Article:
Now that walking season is upon us, look out. Distracted pedestrians are colliding with cars and telephone poles, tumbling down stairs and off curbs, and slamming into other pedestrians, some of whom are also texting, of course.
Archive for May, 2011
A study on adult men and women, published in April in the journal Obesity, has added support to the claim that eating late does have a greater effect on the waistline.
Martin Seligman now thinks so, which may seem like an odd position for the founder of the positive psychology movement. As president of the American Pyschological Association in the late 1990s, he criticized his colleagues for focusing relentlessly on mental illness and other problems. He prodded them to study life’s joys, and wrote a best […]
When the government gathers or analyzes personal information, many people say they’re not worried. “I’ve got nothing to hide,” they declare. “Only if you’re doing something wrong should you worry, and then you don’t deserve to keep it private.” The nothing-to-hide argument pervades discussions about privacy.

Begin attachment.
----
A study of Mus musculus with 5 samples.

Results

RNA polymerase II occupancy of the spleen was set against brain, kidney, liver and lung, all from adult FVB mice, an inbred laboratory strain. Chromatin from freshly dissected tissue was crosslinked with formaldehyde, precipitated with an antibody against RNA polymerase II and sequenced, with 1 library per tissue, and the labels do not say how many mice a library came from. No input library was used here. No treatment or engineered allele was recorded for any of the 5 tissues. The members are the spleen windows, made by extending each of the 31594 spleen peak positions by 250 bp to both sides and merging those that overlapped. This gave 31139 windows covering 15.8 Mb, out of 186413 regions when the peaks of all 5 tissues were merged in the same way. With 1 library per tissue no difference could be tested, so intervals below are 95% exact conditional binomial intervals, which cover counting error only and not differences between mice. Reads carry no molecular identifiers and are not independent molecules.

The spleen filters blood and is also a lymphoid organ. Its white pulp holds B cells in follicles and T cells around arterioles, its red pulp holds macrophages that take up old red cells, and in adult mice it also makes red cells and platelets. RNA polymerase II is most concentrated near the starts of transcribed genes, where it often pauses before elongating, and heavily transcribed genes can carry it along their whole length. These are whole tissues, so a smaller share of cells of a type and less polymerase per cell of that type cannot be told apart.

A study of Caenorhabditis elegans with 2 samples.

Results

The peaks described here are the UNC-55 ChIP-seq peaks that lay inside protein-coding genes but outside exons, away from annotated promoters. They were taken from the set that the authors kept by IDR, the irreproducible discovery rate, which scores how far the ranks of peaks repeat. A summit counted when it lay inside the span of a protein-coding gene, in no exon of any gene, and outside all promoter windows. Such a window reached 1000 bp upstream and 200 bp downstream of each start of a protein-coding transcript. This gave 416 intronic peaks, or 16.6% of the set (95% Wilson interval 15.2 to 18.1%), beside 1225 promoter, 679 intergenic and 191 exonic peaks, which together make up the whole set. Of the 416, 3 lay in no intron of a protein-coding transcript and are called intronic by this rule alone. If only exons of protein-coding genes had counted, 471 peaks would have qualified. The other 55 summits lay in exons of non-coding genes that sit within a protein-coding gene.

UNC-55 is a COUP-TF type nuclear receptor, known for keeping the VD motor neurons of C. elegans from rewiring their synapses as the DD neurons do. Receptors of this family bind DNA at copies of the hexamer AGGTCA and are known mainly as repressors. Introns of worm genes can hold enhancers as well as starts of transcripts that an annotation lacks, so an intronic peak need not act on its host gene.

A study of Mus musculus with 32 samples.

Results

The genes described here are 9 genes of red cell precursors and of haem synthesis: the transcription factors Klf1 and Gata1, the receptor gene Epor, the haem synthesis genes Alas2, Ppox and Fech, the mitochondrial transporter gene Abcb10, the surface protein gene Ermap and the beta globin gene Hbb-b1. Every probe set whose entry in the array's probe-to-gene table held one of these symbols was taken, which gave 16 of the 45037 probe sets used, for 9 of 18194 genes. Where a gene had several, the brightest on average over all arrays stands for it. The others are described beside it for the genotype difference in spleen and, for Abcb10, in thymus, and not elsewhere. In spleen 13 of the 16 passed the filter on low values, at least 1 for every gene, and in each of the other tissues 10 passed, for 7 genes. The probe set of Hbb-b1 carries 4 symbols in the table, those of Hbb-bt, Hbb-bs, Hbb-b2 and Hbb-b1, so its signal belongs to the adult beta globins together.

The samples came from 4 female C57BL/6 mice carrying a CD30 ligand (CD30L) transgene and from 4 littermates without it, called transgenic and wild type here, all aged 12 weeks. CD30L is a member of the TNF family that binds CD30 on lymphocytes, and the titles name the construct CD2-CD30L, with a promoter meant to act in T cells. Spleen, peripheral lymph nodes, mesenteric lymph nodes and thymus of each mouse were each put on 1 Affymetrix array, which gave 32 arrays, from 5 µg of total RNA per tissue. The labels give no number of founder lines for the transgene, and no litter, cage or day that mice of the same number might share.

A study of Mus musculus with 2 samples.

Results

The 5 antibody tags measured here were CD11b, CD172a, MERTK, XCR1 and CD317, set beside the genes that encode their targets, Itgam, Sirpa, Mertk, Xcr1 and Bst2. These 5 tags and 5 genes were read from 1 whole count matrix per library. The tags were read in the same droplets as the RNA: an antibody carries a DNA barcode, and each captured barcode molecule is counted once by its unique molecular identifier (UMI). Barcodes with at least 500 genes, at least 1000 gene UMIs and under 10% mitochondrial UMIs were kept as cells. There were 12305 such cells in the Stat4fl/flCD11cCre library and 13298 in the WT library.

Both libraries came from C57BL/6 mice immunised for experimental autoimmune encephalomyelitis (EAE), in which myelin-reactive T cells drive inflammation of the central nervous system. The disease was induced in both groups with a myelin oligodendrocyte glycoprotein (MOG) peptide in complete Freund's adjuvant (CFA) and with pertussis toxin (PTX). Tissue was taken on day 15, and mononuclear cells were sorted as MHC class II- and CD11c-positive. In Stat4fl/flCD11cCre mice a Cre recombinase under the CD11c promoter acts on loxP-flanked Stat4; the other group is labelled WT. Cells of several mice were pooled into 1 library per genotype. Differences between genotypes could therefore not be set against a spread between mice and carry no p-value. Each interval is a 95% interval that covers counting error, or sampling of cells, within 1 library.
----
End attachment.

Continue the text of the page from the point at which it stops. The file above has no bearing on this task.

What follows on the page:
If you’re like most people, the suggestion of getting your blood taken may be less than appealing. But having regular blood tests is an important way to prevent pain and anguish down the road.
Creaky knees? Snacking on grapes every day could help bring a little comfort. The resveratrol in grapes has long been heralded for its heart-healthy properties. Turns out the same compound may also help reduce symptoms of osteoarthritis and rheumatoid arthritis, writes Joseph Maroon, MD, in his book The Longevity Factor.
Heading for the highway this summer? The great American road trip will cost you more than last year thanks to high fuel prices. The price of gas on average in the United States was $3.96 earlier this month, up from $2.91 a gallon last summer, according to AAA’s Daily Fuel Gauge Report.
In a retrospective study of Utah pioneers, scientists discovered that women who deliver twins live longer, have more children than expected, bear babies at shorter intervals over a longer time, and are older at their last birth, compared to other mothers.
The right words of praise can be so encouraging, but bland, empty praise is meaningless.
Spring is full of stories about who gets into college, but stories about who comes out the other side are just as compelling. Take the one about Kathy Vitzthum. Many students graduate after four or five years; she’s graduating after 19.